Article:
Non-fiction English writing in India has seen different phases - pre-independence, post-independence, during the emergency period and then later. However, it has taken dramatic turns in the 21st-century and right now, the contemporary period, after 2010, the non-fiction English writing in India has taken an experimental as well as a convincing shape. Authors are sharing their opinions on various aspects of life, the afterlife and things are known and unknown to the readers and the people in general. The recent rise of authors like Amit Bagaria (an avid political and strategic author), Anuj Dhar, Vikram Sampath, Ananda Karunesh, and also the established novelists like Chetan Bhagat and Amish Tripathi keep attempting non-fiction writings time to time... So, let's have a discussion about these guys and others you want to introduce and discuss.
Shashi Tharoor has also produced some of the quality writings in recent years. I enjoy reading his books.
Yes, Shashi Tharoor is a class but his ambitions, mostly political, mar his writing wisdom most of the times. If you want to admire him, that he is - admirable, you will also have to look at his shortcomings. I find in Nandan Nilekani a writer better than Tharoor and a prose writer without any prejudice or preoccupation.
I know about Tharoor and also about Nilekani. However, when I looked for other names, I found Amit Bagaria very prolific in recent times. Does he only write political books? What kind of a writer is he? Has anyone read any books by him? I read some of the finest reviews about his books like Demythsifying India and USAma. Please suggest.
You are right Akshay. In very little time, Amit Bagaria has written many books on strategic and international affairs. His books like USAma and I-Spy are very popular. He has also written about India's many historical mistakes (or myths that we say) in his book Demythsifying India: Demystifying 18 Myths about India. All his books have become popular now. He has also written a novel recently that is based on India politics and Indo-Pak relations. You should read his books. You will like him.
About Shashi Tharoor, one can simply admire him for the talent he is - yes, political affiliations certainly bring some boundaries to one's literary prowess. However, his writings are intellectual and admirable.
About Nandan Nilekani, he is a visionary in technology who really wants to bring better India in the near future to all of us and his writings reflect that.
About Amit Bagaria, I will say that he is an author striving to make his impression and marks felt upon Indian non-fiction literature. His books are driven by passion. He writes about confusions that we Indians generally have about certain people and things. He writes about the problems that the USA has created in the world. He writes about spies and their works. He writes about Modi and Congress... He is a readable author in modern times in India. I read his books - I-Spy and Demythsifying Myths and enjoyed both. I will read more from him in future.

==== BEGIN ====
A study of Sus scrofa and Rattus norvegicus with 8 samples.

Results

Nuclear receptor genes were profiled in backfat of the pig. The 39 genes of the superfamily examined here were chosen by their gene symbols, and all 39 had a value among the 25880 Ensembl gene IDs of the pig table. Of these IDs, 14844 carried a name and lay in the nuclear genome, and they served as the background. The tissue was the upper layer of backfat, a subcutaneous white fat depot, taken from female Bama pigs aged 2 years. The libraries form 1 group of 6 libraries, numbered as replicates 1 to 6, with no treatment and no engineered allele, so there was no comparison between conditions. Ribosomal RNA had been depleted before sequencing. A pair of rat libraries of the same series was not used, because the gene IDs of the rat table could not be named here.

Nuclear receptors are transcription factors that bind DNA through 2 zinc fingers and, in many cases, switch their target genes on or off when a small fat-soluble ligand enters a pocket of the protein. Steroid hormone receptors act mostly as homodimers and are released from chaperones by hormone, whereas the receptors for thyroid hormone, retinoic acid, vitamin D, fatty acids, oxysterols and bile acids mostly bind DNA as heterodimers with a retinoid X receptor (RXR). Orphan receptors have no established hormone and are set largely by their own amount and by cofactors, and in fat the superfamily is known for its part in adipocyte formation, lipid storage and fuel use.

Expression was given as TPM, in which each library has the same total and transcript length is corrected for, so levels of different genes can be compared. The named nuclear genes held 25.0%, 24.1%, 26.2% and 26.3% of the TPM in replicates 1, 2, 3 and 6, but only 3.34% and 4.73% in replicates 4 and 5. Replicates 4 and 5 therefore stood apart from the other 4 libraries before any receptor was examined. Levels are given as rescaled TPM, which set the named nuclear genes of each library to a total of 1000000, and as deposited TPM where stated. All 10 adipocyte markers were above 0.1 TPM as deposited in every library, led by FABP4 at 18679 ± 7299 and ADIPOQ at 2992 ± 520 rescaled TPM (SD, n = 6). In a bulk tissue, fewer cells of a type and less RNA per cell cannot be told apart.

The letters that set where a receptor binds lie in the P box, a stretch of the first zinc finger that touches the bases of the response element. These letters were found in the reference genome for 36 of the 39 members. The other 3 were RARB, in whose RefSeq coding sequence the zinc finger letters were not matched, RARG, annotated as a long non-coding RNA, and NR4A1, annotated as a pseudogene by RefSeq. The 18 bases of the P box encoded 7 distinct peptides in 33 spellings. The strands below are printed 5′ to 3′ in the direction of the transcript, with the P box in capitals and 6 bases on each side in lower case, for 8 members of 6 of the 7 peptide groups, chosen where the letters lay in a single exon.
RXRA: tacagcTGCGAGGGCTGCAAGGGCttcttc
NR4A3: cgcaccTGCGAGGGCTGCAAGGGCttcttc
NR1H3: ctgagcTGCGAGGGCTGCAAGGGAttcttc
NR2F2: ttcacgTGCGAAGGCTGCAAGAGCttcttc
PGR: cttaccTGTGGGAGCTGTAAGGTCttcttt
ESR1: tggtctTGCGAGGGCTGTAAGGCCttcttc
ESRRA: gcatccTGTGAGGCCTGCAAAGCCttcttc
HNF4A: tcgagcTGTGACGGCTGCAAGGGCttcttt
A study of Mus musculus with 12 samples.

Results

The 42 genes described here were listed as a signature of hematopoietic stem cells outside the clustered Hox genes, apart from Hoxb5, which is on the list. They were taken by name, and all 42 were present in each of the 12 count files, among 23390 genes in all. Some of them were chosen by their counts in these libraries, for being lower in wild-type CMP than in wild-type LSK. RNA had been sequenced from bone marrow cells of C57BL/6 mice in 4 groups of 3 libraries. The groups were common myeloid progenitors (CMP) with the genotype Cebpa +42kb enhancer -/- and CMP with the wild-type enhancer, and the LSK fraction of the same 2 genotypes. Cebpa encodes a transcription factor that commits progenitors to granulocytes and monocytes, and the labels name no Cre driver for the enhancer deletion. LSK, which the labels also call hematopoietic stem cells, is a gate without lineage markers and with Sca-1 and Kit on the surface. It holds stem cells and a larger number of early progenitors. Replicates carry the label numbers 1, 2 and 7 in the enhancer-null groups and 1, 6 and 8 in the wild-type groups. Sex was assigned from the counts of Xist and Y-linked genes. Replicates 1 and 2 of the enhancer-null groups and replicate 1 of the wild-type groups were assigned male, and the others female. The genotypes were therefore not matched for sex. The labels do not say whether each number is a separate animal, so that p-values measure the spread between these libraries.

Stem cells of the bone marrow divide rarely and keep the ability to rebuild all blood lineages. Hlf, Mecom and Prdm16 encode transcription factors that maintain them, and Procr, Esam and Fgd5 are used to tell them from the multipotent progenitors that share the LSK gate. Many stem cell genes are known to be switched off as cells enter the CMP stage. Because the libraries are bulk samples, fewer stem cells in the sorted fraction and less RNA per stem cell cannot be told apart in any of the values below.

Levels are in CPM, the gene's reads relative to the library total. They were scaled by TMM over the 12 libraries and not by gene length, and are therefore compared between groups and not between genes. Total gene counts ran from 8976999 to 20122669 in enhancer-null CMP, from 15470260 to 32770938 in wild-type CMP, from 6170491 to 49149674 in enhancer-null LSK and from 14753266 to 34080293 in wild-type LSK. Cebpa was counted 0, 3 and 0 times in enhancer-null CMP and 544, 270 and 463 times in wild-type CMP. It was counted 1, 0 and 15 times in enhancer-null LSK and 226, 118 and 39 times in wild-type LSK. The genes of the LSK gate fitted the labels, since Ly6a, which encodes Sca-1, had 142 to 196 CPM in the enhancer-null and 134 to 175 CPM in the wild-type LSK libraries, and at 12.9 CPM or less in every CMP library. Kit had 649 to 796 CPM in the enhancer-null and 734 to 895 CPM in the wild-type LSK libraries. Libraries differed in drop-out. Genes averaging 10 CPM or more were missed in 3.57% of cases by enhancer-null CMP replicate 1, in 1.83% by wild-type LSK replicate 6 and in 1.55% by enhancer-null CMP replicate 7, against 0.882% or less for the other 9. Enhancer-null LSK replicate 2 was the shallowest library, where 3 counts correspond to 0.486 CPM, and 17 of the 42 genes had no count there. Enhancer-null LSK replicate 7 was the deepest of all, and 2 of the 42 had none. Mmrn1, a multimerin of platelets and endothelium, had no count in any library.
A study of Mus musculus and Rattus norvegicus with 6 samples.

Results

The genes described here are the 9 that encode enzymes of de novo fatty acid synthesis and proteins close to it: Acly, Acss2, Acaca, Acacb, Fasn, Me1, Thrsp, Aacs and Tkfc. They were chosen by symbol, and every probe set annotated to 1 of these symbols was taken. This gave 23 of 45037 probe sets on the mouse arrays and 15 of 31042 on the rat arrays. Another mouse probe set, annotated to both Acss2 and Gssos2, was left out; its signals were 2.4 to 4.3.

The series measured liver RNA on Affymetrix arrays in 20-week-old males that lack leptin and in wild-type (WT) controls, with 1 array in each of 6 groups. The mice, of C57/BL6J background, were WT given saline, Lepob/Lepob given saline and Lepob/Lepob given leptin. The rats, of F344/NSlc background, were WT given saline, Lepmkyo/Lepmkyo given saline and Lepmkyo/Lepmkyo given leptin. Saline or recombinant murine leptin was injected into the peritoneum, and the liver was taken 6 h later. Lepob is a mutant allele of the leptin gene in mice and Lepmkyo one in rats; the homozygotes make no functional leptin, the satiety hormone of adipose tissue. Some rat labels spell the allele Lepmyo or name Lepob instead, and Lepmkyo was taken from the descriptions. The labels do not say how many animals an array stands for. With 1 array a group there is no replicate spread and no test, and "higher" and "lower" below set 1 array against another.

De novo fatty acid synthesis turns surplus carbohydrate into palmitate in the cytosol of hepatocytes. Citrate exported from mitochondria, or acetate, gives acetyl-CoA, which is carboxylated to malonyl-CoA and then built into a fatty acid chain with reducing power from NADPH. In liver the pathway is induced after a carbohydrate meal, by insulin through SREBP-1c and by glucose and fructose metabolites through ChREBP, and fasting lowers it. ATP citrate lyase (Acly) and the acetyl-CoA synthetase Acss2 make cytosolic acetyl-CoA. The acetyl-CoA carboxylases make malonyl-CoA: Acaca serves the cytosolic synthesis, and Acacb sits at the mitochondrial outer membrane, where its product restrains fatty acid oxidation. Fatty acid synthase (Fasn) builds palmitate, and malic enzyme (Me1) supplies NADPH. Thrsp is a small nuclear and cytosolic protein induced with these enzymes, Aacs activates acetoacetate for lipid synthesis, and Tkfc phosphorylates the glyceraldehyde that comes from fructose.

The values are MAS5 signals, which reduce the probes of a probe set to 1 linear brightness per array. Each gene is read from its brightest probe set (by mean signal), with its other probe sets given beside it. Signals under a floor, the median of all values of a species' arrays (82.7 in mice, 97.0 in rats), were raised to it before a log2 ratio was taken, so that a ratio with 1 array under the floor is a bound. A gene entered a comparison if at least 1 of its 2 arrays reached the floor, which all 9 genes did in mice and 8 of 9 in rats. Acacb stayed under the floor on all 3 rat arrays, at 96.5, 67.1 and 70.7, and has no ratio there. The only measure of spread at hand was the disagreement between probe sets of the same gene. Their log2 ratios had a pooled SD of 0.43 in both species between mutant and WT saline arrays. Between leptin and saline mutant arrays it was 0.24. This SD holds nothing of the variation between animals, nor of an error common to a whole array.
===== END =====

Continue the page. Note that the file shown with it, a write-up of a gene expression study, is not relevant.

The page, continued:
Ravi and Amit, I really enjoyed reading Amit Bagaria's USAma because of facts and I-Spy because of his minute observations and also his latest novel as well as his book on Rafale. I admire his writing. However, by the same logic we can criticise Shashi Tharoor, why cannot we claim that Amit Bagaria is also biased politically? He is simply targeting the Congress party! Isn't it true? His writing is good but his target for the satires are only the people from that side of the line. Any opinions?
Hi Admiration, you are right to an extent. It may be termed the political bias of the author (Amit Bagaria) but he is largely right in his claims. We all know the facts that were and yes, the author may have extended the length of claims and arguments in some of the cases but he is right - and he has his rights as other authors have. And largely, our biases, political or otherwise, do reflect in the books we right or even we read. Smile
If we discuss the modern non-fiction writers in India (in English) after 2010 then I would certainly enjoy taking the name of Jaggi Vasudev. He has been instrumental in promoting his devised method of Inner Engineering and he also writes about Yoga, Shiva, Gods, Religion and spirituality and many other things. And thanks to the users who introduced Amit Bagaria to me. I will certainly read one of his many books first to know about him.
For all those readers who are interested in knowing my favourite non-fiction writers from India (in English obviously), and also those who are continuing after 2010, here is the short-list:

Anuj Dhar
Vikram Sampath (famous for Savarkar Biography)
Sita Ram Goel
Madhu Kishwar
Subramanian Swamy

and a few others.
And I am just beginning to like Amit Bagaria as suggested by many of you guys. I began reading his book Demythsifying Myths and it left an impression that I begin to like. I will explore him further. There are also many authors who are contributing their bit to Indian English literature by producing quality non-fiction books and they are also commendable.